If your ancestor owned or occupied property in Scotland, you may be able to use valuation rolls to confirm certain details of their life.
Valuation rolls exist properly from 1855-1989 and record:
- Name and designation of the owner of a property
- Annual rateable value.
Before 1855 valuation rolls were not compiled in a consistent or comprehensive way and the names of individuals are often missing.
Sets of valuation rolls
At the National Library of Scotland we have an incomplete set of valuation rolls from approximately the 1870's onwards. Most areas are complete from 1946 onwards, while for Edinburgh, Aberdeen and Dundee we only have full sets from 1976.
You may wish to try the National Records of Scotland, where there is a full set for all of Scotland from 1855. Local libraries and archives may also hold original or microfilm copies of valuation rolls for their area.
Searching valuation rolls for individual people can be difficult and time-consuming, as you need to know the county or burgh of Scotland where they lived and an address. Often there will be several volumes for a particular area which you will need to search.
Using street directories
Some street indexes exist, particularly for cities, and these can help you narrow your search to an electoral ward number. However, the arrangement within a particular volume may not be straightforward.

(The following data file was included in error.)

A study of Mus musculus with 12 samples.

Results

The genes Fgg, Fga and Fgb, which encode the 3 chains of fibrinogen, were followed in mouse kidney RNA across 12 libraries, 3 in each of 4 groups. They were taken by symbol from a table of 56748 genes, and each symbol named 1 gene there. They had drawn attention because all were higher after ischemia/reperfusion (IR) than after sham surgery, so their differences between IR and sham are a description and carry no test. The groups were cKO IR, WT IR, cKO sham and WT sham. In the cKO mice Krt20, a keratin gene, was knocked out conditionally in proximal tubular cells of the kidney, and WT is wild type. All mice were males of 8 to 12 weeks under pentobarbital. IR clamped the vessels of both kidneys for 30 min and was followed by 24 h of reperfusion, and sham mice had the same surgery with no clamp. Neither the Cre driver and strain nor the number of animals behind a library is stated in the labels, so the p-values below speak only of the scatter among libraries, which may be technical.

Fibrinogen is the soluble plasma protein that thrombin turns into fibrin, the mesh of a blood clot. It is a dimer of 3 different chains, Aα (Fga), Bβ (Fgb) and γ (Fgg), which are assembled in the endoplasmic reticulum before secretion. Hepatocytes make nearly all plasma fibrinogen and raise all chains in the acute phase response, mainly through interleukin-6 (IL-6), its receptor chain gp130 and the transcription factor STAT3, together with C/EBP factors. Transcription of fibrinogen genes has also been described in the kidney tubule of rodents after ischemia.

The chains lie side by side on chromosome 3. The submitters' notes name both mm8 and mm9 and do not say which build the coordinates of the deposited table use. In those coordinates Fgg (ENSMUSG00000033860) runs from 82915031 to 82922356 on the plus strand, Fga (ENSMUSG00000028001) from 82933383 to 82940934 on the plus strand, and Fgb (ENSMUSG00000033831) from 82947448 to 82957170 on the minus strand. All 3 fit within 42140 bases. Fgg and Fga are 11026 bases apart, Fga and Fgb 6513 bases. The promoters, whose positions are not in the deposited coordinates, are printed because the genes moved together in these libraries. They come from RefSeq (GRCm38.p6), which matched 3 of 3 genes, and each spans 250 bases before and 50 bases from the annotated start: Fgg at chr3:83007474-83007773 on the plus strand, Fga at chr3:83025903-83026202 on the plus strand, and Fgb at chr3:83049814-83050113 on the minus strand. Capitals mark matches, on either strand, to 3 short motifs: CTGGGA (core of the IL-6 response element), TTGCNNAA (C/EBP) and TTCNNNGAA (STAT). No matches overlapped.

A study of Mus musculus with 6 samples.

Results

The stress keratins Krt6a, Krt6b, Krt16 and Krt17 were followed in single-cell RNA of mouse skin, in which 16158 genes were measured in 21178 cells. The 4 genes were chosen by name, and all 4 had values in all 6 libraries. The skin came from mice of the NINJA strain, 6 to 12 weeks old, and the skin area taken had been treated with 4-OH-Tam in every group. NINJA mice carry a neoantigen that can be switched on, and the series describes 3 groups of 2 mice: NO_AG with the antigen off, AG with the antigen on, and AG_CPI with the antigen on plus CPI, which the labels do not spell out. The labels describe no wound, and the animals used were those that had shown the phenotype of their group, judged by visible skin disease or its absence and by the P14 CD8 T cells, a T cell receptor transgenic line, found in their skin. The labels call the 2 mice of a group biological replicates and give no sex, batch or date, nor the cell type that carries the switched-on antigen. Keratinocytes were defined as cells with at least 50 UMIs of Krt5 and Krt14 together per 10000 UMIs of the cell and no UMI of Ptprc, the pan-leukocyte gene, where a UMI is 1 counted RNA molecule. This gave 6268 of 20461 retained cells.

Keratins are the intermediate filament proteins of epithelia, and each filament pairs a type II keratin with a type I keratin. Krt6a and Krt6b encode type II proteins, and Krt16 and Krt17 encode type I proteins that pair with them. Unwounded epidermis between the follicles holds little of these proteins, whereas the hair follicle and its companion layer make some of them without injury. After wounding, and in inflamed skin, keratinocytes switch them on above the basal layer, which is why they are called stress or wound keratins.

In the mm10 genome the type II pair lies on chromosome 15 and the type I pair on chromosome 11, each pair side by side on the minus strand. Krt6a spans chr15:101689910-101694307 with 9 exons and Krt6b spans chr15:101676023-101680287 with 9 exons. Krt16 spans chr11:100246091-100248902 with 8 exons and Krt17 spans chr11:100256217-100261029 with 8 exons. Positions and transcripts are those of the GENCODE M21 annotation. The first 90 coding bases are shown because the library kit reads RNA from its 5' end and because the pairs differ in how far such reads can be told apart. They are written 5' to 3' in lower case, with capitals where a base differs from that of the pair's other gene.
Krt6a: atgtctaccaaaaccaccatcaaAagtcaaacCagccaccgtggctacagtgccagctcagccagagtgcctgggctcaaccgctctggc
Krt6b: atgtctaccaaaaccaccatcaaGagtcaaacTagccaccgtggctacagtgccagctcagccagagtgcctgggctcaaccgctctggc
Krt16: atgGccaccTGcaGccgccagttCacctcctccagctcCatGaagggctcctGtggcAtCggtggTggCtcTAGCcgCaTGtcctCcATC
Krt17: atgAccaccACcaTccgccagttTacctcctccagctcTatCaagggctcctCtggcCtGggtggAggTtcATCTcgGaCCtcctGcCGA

Published post office directories and Ordnance Survey maps can often help you with the location of areas and ward numbers. On this website you can see large scale Ordnance Survey town plans, 1847-1895 covering 62 Scottish towns.
Poll Tax and Council Tax registers
After 1989, the Community Charge or 'Poll Tax' was introduced. Although this does list individuals, we only hold information about commercial properties from 1989 to 1992. The Community Charge was replaced in 1993 by the Council Tax - which is not useful for tracing individuals, as the registers only list property values.
Electoral registers, or voters' rolls, are another useful resource for confirming details about an ancestor if you know where they lived. For information on how you may use these at the Library, please see our guide to using voters rolls.
Modern electoral registers only record the names of those entitled to vote at a particular address. Before 1918, however, they also recorded the person's occupation and details of their property. Except in rare cases, women don't feature in voters' rolls before 1918, as only men were eligible to vote then.
In 1918 there was an Absent Voters' Roll that listed personal details of soldiers who were fighting abroad. Very few of these rolls have survived, and those that do are held by local libraries or archives or the British Library. We do not hold any copies of the 1918 Absent Voters' Roll at the Library.
Electoral registers from 1946
We have almost all electoral registers from 1946 but, as with the valuation rolls, these can be difficult to search. Street directories can help you narrow your search.
The National Archives of Scotland holds some electoral registers, mainly from the 19th century. Local libraries and archives may also hold copies of electoral registers for their area. Some lists of voters have been published by historical clubs and societies.
You can find information about tracing living people on the British Library website.